Steven Spielberg's Director's Chair

on November 01, 1996 by Ann Kwinn
   Simulation technology, which until recently has inhabited the training arena, has moved to entertainment. Imax's RideFilm and Showscan's Cinemania techniques, which move a seat in time to a filmed image, are derived from flight simulation hardware. (In the movie Apollo 13, Gary Sinise uses a simulator to study the predicament of his fellow astronauts who "think they have a problem.")
   Commercial CDROM titles are now borrowing from the simulation concept of interactive experiential software. "SimCity," which allows a user to gradually build and manage a city while taking into account reallife variables, is very popular, prompting its creator, Maxis, to develop a line of similar products. Another software company, Legacy, has delved into career simulation with "Emergency Room," in which a user gets a view of a physician's work from behind the surgical mask. "Steven Spielberg's Director's Chair," developed by Knowledge Adventure for DreamWorks Interactive, "puts the player in the director's chair," but with its heavy emphasis on budget and schedule a producer's chair might be more appropriate.
   In the first minute, the title shifts from Los Angeles reality to fantasy: After an earthquake, Steven Spielberg walks onscreen and offers you a job. He and an impressive list of actual music editors, art directors, etc., give straightforward introductions to many phases of film production. Your task is to select camera angles for, edit, score, and add sound effects to a "film" you have created from 105 minutes of original footage directed by Spielberg himself. The coverage is diverting, with priests, prisoners, paparazzi and stars"Friends" actress Jennifer Aniston and "Pulp Fiction" director Quentin Tarantino. Fortunately, you are not scored on the acting. You are, however, harshly demerited on budget and schedule slippage. Insidertype crew members, who use phrases like "it's a print" and "sound speed," interrupt your efforts to ask for more time for makeup, costume and other preparations. They are appropriately energetic though exhausted.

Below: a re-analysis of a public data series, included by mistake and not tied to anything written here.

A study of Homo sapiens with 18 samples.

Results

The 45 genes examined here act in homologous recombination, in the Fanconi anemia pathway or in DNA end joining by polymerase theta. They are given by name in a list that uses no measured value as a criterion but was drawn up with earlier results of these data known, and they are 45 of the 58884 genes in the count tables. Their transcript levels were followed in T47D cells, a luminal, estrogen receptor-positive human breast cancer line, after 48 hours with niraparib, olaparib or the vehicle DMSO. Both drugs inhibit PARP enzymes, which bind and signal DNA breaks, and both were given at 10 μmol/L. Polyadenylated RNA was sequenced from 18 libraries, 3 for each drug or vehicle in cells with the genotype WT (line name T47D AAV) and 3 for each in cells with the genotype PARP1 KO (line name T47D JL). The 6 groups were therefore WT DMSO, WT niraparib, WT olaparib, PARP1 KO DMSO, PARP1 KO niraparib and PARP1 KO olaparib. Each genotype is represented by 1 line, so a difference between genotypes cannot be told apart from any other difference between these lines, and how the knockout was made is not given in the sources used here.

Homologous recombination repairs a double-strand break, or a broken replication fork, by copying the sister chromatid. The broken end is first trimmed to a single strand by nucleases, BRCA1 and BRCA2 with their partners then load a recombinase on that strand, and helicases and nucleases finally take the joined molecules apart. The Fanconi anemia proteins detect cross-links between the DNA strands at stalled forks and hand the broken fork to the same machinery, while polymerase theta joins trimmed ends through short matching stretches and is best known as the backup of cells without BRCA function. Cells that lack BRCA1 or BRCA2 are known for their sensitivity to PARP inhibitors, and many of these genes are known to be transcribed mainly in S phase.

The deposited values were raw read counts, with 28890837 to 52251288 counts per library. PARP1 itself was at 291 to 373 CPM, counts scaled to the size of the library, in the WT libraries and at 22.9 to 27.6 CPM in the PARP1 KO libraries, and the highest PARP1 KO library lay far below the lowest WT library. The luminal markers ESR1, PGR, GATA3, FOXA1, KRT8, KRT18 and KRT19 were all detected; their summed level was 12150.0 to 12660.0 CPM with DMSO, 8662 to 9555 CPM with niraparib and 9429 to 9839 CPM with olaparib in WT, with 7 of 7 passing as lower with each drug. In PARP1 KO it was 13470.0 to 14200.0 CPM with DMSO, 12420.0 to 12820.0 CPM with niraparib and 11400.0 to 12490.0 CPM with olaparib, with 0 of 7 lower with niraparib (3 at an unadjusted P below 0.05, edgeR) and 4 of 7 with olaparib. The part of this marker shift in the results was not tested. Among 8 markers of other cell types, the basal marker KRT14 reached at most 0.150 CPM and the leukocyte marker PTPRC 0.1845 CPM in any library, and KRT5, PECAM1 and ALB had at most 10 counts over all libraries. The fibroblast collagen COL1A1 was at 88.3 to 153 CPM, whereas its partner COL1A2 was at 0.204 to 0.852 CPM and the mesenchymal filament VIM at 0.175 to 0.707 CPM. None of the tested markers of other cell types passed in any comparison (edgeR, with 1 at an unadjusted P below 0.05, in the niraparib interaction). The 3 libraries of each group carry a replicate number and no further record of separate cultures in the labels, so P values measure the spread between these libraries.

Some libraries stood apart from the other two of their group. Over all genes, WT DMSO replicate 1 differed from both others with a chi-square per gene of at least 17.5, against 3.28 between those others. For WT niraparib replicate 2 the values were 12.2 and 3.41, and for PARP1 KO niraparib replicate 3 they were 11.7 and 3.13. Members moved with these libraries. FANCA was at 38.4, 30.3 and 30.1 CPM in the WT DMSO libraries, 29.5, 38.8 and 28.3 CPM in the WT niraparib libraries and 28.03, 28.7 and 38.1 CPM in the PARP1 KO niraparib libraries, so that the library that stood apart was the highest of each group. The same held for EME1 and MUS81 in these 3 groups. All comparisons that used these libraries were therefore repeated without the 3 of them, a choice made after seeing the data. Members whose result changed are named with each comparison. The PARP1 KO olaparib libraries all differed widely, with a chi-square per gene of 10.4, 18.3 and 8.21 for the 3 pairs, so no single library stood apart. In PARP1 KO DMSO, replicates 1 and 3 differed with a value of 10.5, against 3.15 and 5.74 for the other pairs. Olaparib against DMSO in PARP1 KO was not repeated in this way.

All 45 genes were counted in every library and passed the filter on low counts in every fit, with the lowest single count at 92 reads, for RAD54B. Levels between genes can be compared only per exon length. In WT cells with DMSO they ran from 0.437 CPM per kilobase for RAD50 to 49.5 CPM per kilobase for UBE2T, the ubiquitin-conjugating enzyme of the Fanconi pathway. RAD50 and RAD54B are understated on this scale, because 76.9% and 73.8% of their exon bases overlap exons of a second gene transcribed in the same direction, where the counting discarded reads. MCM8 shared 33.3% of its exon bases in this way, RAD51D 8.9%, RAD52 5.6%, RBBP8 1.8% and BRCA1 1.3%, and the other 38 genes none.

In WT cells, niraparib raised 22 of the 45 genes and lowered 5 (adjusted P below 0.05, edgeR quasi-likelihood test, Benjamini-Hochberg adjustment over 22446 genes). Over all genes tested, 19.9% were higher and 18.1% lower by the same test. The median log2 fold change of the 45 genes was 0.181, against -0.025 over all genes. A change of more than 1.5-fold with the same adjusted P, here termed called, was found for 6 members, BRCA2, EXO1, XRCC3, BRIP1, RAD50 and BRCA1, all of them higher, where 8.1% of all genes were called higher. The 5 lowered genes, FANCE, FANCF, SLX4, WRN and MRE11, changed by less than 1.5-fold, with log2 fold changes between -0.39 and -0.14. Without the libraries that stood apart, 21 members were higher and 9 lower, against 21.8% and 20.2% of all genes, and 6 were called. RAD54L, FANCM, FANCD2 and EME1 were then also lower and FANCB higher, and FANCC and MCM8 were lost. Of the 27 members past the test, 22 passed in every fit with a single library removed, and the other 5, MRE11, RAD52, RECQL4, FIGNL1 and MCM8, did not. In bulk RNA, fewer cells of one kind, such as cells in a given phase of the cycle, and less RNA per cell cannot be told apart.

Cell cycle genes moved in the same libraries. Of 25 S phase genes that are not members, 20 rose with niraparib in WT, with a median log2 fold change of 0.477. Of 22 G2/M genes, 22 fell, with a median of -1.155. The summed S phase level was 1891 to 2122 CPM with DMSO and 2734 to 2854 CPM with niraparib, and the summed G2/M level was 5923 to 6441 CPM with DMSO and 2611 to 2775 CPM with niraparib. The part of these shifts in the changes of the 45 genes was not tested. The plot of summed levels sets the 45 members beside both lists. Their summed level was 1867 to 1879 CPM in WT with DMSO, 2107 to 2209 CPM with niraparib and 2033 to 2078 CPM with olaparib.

The screen might show a Variety newspaper headline on your efficiency, in which case "the studio is pleased," or (uhoh) little cartoon dollar bills might sprout wings and fly away. This all gets a littleh) stressful: Many folks have ample opportunity to be fiscally irresponsible in real life; this title follows entertainment's current trend to look more and more like work, not recreation.
   The heavy emphasis on quantifiable factors could be due in part to a computer's lesser ability to describe and evaluate quality over quantity. Spielberg does not, for example, communicate his understanding of the family moviegoing audience and how he is able to appeal to them so consistently.
   Still, this is a worthwhile expenditure for a young person interested in the film business or, say, a budding production assistant, because "Director's Chair" gives a good overview of the production process, from script to screening. The CDROM does not include actual production software, which would have added considerably to the price but could have given the user real skills. In any case, this title will teach only those who invest the time in figuring out how to use it. It is not as intuitive as some filmrelated titles, such as Activision's very enjoyable "Paparazzi."
   Is it good? It's just the sort of thing for people who like this sort of thing. Knowledge Adventure and DreamWorks Interactive. Windows and Macintosh platforms, each $54.95. Available midOctober. Format: CDROM.